In order to understand why God does not prevent evil, we must understand what evil truly is. Just like love, evil has no true definition because it cannot be defined. Both love and evil are experiences. It is the value that we attach to each that make them so significant. But we must experience both in order to understand the true definition of love and evil, as they are two necessary parts of the same whole.
I pose that the concept of God is an archetype to the human figure and to highest human potential, just as the Devil is a figure of lowest human potential. Both the Devil and God define humanity in all of its wholesomeness. Neither is better or worse, it just is. But without one to compensate for the other, there would be no contrast—no purpose.
The Devil and God are human experiences of the ultimate Source of existence that is life itself.
Mankind in all of its honor and shame is capable of the greatest innovations and the most gruesome atrocities. Our highest and lowest potential defines our species unlike any other. But in spite of our superior intelligence we have yet to overcome the barbaric tendency to inflict harm upon another. The splintered mind warps our ability to see ourselves from a higher perspective, blinding us from admitting personal responsibility to the extermination of our own kind. The human species is the only species that consistently murders its own for ideological gains, allowing the murder of entire populations. Psychologists have analyzed events like the Holocaust and the Rwandan Genocide to understand what entices this behavior in humans. In the case of the Rwandan Genocide, the heavy use of psychological manipulation of propaganda in the media resulted in the death of over 800,000 people and sexual violence imposed on over 250,000 women within a mere 100 days.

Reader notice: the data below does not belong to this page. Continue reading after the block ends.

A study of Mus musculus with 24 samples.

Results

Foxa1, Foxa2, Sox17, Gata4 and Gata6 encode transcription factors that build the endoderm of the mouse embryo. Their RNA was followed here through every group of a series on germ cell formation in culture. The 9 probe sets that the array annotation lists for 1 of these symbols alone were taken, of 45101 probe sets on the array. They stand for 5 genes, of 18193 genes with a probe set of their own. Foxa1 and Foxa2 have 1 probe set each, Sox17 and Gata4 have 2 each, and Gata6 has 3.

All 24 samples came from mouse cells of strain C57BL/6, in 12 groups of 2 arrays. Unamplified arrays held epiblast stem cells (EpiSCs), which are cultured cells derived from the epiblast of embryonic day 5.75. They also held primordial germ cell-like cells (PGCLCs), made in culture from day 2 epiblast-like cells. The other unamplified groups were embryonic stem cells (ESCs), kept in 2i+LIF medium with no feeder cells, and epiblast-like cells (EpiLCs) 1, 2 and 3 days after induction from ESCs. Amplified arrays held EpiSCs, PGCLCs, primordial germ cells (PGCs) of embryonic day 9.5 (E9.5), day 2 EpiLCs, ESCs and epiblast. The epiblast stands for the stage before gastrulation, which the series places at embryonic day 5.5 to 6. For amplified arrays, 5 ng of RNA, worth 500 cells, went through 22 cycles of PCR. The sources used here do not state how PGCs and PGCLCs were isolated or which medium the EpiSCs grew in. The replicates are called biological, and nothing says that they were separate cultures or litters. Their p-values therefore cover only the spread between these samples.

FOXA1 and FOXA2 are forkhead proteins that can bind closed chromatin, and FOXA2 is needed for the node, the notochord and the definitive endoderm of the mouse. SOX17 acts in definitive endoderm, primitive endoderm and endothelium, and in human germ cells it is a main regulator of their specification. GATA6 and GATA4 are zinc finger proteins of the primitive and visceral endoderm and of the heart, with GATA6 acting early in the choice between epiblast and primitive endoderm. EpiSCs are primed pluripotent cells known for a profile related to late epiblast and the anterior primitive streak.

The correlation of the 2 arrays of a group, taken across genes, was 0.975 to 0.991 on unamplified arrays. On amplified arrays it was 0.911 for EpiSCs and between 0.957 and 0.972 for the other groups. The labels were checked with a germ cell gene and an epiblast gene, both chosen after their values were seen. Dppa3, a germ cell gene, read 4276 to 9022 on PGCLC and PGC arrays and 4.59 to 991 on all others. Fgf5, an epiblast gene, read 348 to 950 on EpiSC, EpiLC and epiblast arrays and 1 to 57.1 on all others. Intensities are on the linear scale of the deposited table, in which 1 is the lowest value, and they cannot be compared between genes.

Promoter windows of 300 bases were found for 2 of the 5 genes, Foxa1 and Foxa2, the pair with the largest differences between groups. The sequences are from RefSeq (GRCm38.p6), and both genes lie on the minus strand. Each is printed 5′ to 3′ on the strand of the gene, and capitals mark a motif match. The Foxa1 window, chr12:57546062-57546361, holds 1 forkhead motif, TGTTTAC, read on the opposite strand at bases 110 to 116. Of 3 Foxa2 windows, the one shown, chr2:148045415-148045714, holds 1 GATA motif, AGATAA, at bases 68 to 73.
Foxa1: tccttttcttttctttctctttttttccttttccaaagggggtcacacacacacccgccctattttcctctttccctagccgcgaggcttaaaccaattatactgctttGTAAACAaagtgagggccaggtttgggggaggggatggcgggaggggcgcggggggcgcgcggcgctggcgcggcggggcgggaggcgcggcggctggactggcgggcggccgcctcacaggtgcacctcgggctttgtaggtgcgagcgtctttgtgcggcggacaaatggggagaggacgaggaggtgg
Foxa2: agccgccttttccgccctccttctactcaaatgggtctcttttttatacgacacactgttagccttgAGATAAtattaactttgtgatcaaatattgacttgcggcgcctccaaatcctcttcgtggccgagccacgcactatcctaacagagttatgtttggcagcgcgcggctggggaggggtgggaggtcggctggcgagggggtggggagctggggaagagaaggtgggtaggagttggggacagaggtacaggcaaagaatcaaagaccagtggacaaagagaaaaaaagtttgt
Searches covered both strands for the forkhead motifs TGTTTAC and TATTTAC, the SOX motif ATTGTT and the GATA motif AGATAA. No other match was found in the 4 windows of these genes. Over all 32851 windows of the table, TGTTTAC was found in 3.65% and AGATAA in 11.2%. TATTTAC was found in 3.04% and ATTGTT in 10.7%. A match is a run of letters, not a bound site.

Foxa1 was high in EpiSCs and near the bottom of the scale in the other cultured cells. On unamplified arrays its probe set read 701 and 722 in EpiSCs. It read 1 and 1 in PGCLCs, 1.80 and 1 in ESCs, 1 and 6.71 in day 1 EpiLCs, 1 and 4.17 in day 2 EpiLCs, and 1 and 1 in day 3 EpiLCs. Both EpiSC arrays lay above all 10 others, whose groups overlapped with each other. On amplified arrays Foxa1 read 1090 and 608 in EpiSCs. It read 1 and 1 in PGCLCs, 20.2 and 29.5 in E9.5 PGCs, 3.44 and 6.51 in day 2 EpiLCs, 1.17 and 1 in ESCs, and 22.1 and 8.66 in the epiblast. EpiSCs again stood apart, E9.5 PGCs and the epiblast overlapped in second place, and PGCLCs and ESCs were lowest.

At the peak of its power, the Roman Empire was boundless, extending from Mesopotamia to Northern Ireland dominating all of the soils in between. The greatness of its nation rose to unfathomable heights; its prestige and authority knew no limits. Roman sovereignty ruled the vast lands until the power itself began to rule the Romans. Corruption, greed and the loss of values crippled the Roman Empire to its knees, marking the death of sophisticated literature, education, architecture, economics, and law. What was once the most mighty of powers and world influence soon lie in its own pool of blood. From the Persians to the Caliphates, the Mongols to the Qing, the Ottoman to the Achaemenid, and the British to the Russian all great empires have fallen. 2000 years later, society is witnessing the descent of the Western World. The West’s dominance over land, resources, technology, currency, weaponry, education, and economic markets has reached its peak and is now on the decline, while the Eastern world gains tract to hopefully bring the world into equilibrium.